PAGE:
Japan Geoscience Union Meeting 2019

Presentation information

[J] Oral

S (Solid Earth Sciences ) » S-CG Complex & General

[S-CG53] Environment formed and maintained by active faults

Thu. May 30, 2019 10:45 AM - 12:15 PM A05 (TOKYO BAY MAKUHARI HALL)

convener:Naoji Koizumi(School of Environmental Science,the University of Shiga Prefecture), Makoto Yamano(Earthquake Research Institute, the University of Tokyo), Takafumi Kasaya(Japan Agency for Marine-Earth Science and Technology), Hideki Hamamoto(Center for Environmental Science in Saitama), Chairperson:NAOJI KOIZUMI, TADANORI GOTO(Graduate School of Engineering, Kyoto University)

11:30 AM - 11:45 AM

[SCG53-04] How can we quantify the hydraulic permeability of fault based on geophysical survey?

*Tada-nori Goto1, Sota Kawaguchi1 (1.Graduate School of Engineering, Kyoto University)

Keywords:Permeability, Rock Physics, Resistivity

For understanding impacts of faults/fractures to the Earth's environment, evaluation of hydraulic permeability along fault and fractures are required because they hydrogeologically play a role of pathway of deep groundwater and gas. Previous studies have obtained the hydraulic characteristics using boreholes and rock samples. However, such information is only valid in a local scale, and it is basically considered to be difficult to estimate the hydraulic permeability at several-hundred meter scales or more.
In this study, we try to estimate the permeability in and around fractures in typical bedrocks (e.g., granitic rocks) based on the geophysical explorations: resistivity, seismic velocity and so on. The geophysical logging experiment (e.g., cross-hole tomography) can indicate both local and larger scale geophysical information. More large-scaled information can be obtained by land-surface geophysical surveys. For evaluation of permeability of large-scale fault, a rock physical modeling will be helpful since it can connect geophysical property to the hydraulic property theoretically or numerically.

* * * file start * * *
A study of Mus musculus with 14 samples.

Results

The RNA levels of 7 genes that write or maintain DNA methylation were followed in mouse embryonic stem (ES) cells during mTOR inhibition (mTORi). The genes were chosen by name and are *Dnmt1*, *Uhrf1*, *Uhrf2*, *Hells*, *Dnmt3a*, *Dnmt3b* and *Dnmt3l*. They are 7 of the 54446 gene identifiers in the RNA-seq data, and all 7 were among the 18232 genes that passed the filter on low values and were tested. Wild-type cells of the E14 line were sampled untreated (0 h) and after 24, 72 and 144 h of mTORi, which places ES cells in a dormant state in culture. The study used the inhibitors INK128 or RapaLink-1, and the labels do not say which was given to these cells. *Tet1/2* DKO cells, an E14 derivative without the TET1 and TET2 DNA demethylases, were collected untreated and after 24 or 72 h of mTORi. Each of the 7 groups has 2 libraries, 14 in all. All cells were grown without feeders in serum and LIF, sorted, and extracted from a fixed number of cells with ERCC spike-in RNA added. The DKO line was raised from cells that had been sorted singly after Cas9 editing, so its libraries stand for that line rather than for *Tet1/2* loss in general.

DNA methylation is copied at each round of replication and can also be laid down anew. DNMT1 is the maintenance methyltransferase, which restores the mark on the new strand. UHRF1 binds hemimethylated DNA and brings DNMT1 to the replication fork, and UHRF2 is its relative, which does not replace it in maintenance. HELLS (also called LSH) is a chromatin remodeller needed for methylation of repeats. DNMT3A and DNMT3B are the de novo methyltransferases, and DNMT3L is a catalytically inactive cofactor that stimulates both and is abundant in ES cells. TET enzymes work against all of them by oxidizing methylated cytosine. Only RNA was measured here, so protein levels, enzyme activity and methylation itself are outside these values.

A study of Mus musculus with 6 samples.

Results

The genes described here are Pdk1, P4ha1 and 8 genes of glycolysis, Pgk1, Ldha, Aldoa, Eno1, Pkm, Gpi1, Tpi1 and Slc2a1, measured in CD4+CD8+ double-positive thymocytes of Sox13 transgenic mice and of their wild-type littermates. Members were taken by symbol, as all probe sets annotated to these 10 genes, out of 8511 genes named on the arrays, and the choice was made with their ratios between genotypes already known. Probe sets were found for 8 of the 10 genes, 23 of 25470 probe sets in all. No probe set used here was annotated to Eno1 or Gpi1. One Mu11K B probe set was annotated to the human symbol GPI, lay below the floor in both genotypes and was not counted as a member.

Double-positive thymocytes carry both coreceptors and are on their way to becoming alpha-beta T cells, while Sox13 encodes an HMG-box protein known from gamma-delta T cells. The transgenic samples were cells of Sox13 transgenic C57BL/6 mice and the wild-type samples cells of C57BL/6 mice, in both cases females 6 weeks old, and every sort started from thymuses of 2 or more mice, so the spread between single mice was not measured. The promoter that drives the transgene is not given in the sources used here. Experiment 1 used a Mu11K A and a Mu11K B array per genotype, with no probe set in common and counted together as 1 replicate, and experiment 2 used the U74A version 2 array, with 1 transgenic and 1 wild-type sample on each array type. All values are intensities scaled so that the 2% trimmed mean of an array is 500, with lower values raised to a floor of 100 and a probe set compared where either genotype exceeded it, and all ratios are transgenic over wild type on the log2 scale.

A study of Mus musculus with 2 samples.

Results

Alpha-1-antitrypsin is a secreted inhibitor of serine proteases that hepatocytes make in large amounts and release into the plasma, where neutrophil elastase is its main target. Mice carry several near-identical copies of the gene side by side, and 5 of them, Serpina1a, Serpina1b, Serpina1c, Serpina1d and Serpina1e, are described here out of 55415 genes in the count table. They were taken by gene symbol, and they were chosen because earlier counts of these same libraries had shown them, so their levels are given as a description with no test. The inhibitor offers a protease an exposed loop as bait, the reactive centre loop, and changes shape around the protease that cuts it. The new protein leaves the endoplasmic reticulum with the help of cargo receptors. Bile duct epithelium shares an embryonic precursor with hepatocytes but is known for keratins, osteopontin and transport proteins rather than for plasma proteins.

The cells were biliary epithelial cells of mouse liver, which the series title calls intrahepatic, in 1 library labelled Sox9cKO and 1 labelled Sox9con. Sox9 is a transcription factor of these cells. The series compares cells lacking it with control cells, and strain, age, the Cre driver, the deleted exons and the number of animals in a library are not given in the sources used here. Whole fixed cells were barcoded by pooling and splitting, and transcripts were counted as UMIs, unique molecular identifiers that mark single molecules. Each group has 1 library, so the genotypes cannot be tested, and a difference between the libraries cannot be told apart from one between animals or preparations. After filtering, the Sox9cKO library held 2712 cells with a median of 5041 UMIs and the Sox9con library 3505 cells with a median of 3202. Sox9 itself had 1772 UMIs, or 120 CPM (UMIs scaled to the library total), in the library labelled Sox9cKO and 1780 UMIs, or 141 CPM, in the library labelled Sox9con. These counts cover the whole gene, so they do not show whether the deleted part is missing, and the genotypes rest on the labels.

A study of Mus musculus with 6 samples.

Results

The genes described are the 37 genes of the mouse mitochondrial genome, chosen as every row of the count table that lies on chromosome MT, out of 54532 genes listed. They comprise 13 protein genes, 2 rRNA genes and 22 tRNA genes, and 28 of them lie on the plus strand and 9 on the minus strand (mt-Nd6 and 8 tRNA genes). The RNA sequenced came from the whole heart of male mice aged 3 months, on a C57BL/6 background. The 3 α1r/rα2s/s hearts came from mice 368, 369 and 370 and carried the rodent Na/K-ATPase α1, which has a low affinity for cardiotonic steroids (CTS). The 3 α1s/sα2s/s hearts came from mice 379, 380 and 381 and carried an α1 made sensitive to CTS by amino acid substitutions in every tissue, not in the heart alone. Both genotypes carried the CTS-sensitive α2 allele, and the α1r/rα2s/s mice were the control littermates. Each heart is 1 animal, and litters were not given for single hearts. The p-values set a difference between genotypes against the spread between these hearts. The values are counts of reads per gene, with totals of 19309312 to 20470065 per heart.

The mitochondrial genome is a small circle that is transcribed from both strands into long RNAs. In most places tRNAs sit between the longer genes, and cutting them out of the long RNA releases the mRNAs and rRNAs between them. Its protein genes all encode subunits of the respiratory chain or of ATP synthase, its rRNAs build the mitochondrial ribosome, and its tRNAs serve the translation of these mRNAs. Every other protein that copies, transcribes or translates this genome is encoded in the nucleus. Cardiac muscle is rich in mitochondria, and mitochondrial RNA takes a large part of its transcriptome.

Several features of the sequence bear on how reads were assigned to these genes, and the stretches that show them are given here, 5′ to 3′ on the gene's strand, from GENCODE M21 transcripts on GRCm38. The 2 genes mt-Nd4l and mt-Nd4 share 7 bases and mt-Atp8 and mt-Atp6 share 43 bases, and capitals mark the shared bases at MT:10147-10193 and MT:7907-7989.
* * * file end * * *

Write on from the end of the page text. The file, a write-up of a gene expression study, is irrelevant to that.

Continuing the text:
Prior to the challenge of large-scale permeability estimation, we applied the rock physical modeling to the small-scale geophysical measurements. We measured DC resistivity and elastic properties (Young modulus) on the exposed fresh granite at the Mizunami Underground Research Laboratory, Japan Atomic Energy Agency. Based on the simple rock physical model, we estimated the permeability of granite with less fracturing. The in-situ permeability measurements confirmed that the estimated values are enough close to the measured ones (within the difference of half of order). The technique is also valid to the permeability measurements by pumping test at wells. We succeeded that the observed permeability obtained at Mizunami can be reproduced by only using geophysical logging data such as resistivity and seismic P-wave velocity.
Then, we applied this rock physical model to the large-scale geophysical images based on the magnetotellurics and seismic tomography. Although it is a preliminary result, the estimated permeability structure by our method is not realistic one unfortunately. In this study, we discuss on the additional information and technique how the accuracy of estimated permeability is improved.